Career profile: Kimberley Lasi, CEnv, MIEMA

3rd April 2024

Senior consultant, EcoAct

Why did you become an environment/sustainability professional?

Growing up on the west coast of Canada I took it for granted that everyone cared about preserving nature, but after completing my master’s in operations and supply chain management and joining the workforce I realised that sustainability was not ubiquitous and I became determined to be part of bringing it to the forefront of business.

What was your first job in this field?

Environment officer, Airbus UK.

How did you get your first role?

I was on an operations management graduate scheme and was mentored by the environment manager. At the same time I was also upskilling on environmental subjects, including studying on the IEMA diploma course. An internal role came up and I had the right combination of operational and environmental knowledge for it so was able to make a sideways move.

What does your current role involve?

I support organisations across a range of sectors on a variety of sustainability topics. I am particularly focused on climate risk and biodiversity but often work on projects in other technical areas, such as carbon accounting.

How has your role changed/progressed over the past few years?

My role is constantly evolving. Most recently, I shifted to have a much greater focus on nature. With the release of the Taskforce on Nature-related Financial Disclosures (TNFD) and the growing awareness of planetary boundaries and ecosystem services, I have been able to apply my knowledge in this area. I’ve also taken on more management and mentoring responsibilities.

What’s the best part of your work?

The people I work with. It is such a privilege to work with people that are so passionate about sustainability and delivering the best outcomes, not only for clients but for the planet and society.

What’s the hardest part of your job?

Finding a balance. There is so much to do and things are changing quickly so it is important to stay on top of new developments as well as continue to deliver on day-to-day work.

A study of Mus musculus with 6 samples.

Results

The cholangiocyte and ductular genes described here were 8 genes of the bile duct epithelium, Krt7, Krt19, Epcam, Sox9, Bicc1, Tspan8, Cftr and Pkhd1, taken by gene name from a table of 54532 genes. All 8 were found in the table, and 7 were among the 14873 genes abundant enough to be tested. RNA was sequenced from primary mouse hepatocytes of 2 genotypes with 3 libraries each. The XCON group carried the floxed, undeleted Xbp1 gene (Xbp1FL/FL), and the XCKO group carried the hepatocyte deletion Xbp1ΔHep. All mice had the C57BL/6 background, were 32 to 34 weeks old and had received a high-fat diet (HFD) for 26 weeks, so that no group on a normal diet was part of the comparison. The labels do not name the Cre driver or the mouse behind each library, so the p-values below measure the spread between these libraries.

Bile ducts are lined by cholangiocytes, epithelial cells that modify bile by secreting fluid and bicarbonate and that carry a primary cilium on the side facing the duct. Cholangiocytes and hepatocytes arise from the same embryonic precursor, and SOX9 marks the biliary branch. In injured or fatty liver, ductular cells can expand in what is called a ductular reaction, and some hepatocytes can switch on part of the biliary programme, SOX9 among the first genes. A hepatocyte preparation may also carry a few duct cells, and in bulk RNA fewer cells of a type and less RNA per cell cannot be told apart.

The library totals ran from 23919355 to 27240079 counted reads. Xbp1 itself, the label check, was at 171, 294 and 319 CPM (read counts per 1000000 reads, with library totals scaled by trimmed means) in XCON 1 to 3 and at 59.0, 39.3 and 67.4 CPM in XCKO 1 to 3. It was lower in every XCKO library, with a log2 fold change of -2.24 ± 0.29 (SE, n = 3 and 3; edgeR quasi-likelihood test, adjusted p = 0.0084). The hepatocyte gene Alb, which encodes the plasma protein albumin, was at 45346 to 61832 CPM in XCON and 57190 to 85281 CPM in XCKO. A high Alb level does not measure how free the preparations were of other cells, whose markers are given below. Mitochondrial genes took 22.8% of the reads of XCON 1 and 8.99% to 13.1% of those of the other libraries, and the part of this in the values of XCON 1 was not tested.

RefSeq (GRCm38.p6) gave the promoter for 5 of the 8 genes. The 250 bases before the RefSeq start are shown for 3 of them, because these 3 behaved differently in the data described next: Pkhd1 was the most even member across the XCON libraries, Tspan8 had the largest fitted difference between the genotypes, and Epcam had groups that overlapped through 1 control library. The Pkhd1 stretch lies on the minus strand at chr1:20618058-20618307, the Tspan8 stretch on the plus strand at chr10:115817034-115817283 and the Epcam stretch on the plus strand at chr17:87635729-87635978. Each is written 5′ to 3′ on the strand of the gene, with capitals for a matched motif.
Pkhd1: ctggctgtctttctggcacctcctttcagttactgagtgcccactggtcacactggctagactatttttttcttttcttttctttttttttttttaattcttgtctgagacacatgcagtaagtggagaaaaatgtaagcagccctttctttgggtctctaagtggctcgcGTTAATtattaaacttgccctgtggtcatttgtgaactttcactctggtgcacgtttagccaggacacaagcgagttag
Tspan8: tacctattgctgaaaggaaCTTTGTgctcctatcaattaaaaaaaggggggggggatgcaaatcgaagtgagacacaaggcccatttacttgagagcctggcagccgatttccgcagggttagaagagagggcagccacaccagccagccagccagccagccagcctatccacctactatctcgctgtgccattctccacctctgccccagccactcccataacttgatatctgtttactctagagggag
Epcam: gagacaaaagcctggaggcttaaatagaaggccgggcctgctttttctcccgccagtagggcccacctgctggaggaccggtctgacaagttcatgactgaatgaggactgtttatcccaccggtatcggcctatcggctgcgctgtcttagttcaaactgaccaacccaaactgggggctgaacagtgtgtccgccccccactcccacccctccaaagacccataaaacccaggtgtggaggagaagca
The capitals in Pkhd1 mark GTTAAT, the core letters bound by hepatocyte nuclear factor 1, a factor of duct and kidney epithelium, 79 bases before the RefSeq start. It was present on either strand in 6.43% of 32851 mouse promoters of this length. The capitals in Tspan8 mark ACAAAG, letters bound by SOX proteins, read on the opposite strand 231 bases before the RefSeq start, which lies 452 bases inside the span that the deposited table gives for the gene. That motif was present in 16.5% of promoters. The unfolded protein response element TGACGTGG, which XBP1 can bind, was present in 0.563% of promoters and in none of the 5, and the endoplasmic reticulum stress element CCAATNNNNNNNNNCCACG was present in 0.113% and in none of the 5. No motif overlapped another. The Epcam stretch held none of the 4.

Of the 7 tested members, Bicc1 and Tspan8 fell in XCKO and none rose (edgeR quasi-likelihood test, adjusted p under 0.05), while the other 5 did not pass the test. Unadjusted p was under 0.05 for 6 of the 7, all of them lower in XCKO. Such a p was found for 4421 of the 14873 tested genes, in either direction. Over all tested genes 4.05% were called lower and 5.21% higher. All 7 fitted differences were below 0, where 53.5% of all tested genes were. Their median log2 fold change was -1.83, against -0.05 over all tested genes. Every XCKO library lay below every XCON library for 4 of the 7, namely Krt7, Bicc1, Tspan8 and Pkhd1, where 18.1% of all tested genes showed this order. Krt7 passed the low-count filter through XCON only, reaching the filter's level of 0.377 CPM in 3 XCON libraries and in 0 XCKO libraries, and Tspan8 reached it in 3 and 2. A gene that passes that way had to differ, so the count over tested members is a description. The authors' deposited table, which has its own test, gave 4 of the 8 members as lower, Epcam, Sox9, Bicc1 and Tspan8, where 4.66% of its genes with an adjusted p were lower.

What was the last development event you attended?

Several TNFD-focused webinars as well as training in line management.

What did you bring back to your job?

A lot of technical knowledge as well as the recognition that we are all still learning but it is better to start and do something than to wait for perfection.

What is/are the most important skill(s) for your job?

While technical skills are important, I think the most critical is empathy. The ability to relate to people and understand their perspective and pain points is essential for consulting and is what allows me to develop solutions to meet client needs and deliver positive sustainability outcomes.

Where do you see the profession going?

I see a much more holistic approach to sustainability developing, moving away from carbon tunnel vision to a systemic approach that embraces nature and social aspects and the interconnectedness of all the major issues we face.

Where would you like to be in five years’ time?

Continuing to develop solutions for organisations to create a better world at all stages of their sustainability journey. I’m particularly passionate about supporting people joining the profession.

What advice would you give to someone entering the profession?

This is a profession about hearts and minds – we know the steps to take, it is bringing people along for the journey that takes you the furthest.

How do you use the IEMA Skills Map?

I use it primarily to identify potential gaps and to plan my development.

If you had to describe yourself in three words, what would they be?

Curious, tenacious, realist.

What motivates you?

Learning. I love to explore new concepts. I am also deeply motivated to create a safe world for my son.

What would be your personal motto?

In the words of Chip Heath: “Just look for a strong beginning and a strong ending and get moving.”

Greatest risk you have ever taken?

Career-wise, moving into sustainability.

If you could go back in history, who would you like to meet?

The biologist and conservationist Rachel Carson.